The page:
By Adam Robles and Cher Antido
Having a pet can boost people’s well-being, especially those who suffer from mental health issues such as depression and Alzheimer’s disease.
Taking proper care of a pet that requires a lot of attention and dedication can benefit both the animal and its owner.
According to an article by HelpGuide, a mental health and wellness website, dogs and cats can be a good pet for all ages.
Dogs can help people lose weight, stay active, and can also help children who have autism and the elderly who suffer from amnesia-like symptoms.
Those who suffer from Alzheimer’s disease are often found to be less stressed if a pet is at home.
WebMD posted a quote by Dr. Lynette Hard, a professor at University of California, Davis, revealing that Alzheimer’s patients have less anxiety outbursts in the presence of a pet.
“Their caregivers also feel less burdened when there is a pet, particularly if it is a cat, which generally requires less care than a dog,” Hart said.
Dogs, especially, can spark quite the experience into anyone’s life. They are some of the hardest pets to take care of due to the attention they require.
They require the most time and patience, so it’s almost like having a child. The owner would have to teach this living creature to not be the wild creature that they naturally are.
Before doing so, however, the owner should see if taking care of an animal that requires so much energy is something they’re ready for.
For those hestitating, it would be best to start off with something easier like a fish, a hamster or a turtle. These are pets that also need a certain amount of care, but not nearly as much as the bigger animals.
These smaller-maintenance pets will teach pet owners how willing they are to manage them and how responsible they can be.
When the owner has come to terms with wanting to pursue the challenge of a bigger pet, they can do so by visiting shelters to adopt homeless pets or spend a few hundred bucks to have one bred for them.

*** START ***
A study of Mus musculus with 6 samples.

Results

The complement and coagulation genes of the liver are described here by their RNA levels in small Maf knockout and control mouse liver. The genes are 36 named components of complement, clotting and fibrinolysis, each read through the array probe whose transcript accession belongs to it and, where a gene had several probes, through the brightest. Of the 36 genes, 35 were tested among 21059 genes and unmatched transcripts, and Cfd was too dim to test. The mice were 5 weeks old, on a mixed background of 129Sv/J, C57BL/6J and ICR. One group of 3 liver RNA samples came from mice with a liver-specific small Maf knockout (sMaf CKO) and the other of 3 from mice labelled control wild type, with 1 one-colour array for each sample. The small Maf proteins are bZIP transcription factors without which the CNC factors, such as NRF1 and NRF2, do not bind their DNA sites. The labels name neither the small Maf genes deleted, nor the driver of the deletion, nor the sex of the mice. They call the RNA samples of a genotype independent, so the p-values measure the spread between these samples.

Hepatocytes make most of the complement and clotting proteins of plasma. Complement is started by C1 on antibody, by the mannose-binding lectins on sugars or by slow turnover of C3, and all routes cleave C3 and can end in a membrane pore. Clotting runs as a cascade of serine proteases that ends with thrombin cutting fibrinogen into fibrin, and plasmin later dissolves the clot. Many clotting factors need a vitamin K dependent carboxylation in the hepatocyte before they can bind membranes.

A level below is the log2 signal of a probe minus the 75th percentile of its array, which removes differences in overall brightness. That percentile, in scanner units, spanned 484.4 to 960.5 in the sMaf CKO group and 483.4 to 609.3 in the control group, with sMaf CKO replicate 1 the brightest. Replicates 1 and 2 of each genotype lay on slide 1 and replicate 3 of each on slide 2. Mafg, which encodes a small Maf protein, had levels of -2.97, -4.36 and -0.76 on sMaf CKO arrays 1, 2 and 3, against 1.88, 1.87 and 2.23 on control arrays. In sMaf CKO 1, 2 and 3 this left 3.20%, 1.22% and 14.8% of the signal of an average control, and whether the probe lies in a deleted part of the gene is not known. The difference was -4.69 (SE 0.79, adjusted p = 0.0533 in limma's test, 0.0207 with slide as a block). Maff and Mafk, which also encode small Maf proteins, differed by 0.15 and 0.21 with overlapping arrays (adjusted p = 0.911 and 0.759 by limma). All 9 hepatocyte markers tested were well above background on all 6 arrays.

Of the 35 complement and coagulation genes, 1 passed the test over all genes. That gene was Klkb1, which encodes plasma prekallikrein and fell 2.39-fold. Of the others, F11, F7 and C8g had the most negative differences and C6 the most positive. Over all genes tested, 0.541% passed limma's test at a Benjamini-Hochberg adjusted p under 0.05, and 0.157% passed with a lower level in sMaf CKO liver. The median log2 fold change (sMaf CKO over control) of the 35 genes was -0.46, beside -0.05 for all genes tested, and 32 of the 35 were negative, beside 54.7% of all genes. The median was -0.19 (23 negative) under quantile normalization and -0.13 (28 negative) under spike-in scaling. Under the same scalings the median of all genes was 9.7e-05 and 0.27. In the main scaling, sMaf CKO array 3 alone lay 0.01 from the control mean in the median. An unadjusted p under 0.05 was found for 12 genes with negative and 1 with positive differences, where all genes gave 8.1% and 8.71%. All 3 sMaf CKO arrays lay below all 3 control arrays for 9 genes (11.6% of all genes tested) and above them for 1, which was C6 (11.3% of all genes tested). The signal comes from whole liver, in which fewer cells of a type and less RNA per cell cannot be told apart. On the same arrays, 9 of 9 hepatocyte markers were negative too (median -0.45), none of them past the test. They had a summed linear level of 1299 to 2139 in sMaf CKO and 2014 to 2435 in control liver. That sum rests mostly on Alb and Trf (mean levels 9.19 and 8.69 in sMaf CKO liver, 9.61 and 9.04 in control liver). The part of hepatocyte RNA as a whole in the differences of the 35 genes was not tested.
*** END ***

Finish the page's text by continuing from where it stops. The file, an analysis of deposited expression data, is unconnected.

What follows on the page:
When becoming the owner of a bigger animal, adoption is the best route to take because it’s much cheaper, and will save that animal from being euthanized.
It’s best to visit a few shelters and make sure there is a mutual connection before taking home a new animal.
For the owner, welcoming the pet to their new home will be a very anxiety-filled experience with lots of patience required and trial and error.
Depending on how untamed the animal is, they may begin to tear up furniture or dispose of their waste in undesired places.
Tackling the goal of raising what can be referred to as a child can take a lot out of any individual, but it’s often worth the struggle.
This experience is a journey like no other that can help people grow by raising their problem solving skills, social interactions and physical activity.
The journal “Applied Developmental Science” shows a 2014 study that pet owners had more community involvement.
Animals can very easily increase problem solving skills and one’s overall awareness because the owner has to constantly be on the lookout for messes the pet may cause.
This instinct to stop these tragedies from occurring can strengthen and teach owners basic parenting skills before they have their first child.
With a dog, the owner is faced with the task of having to walk the dog for a few hours a day. This may be quite the dramatic shift if they previously spent most of their time indoors.
A 2017 study exploring the human-animal bond, published in the “Gerontologist” journal, showed that adults who walk their dogs experience fewer doctor visits, more exercise and an overall improvement in health.
Dog-walking also brings in the opportunity to meet other people who have dogs and can make the pet owner improve social interaction skills in the real world.
Although taking care of living animals costs money, time and patience, the benefits they give make it worth the struggle.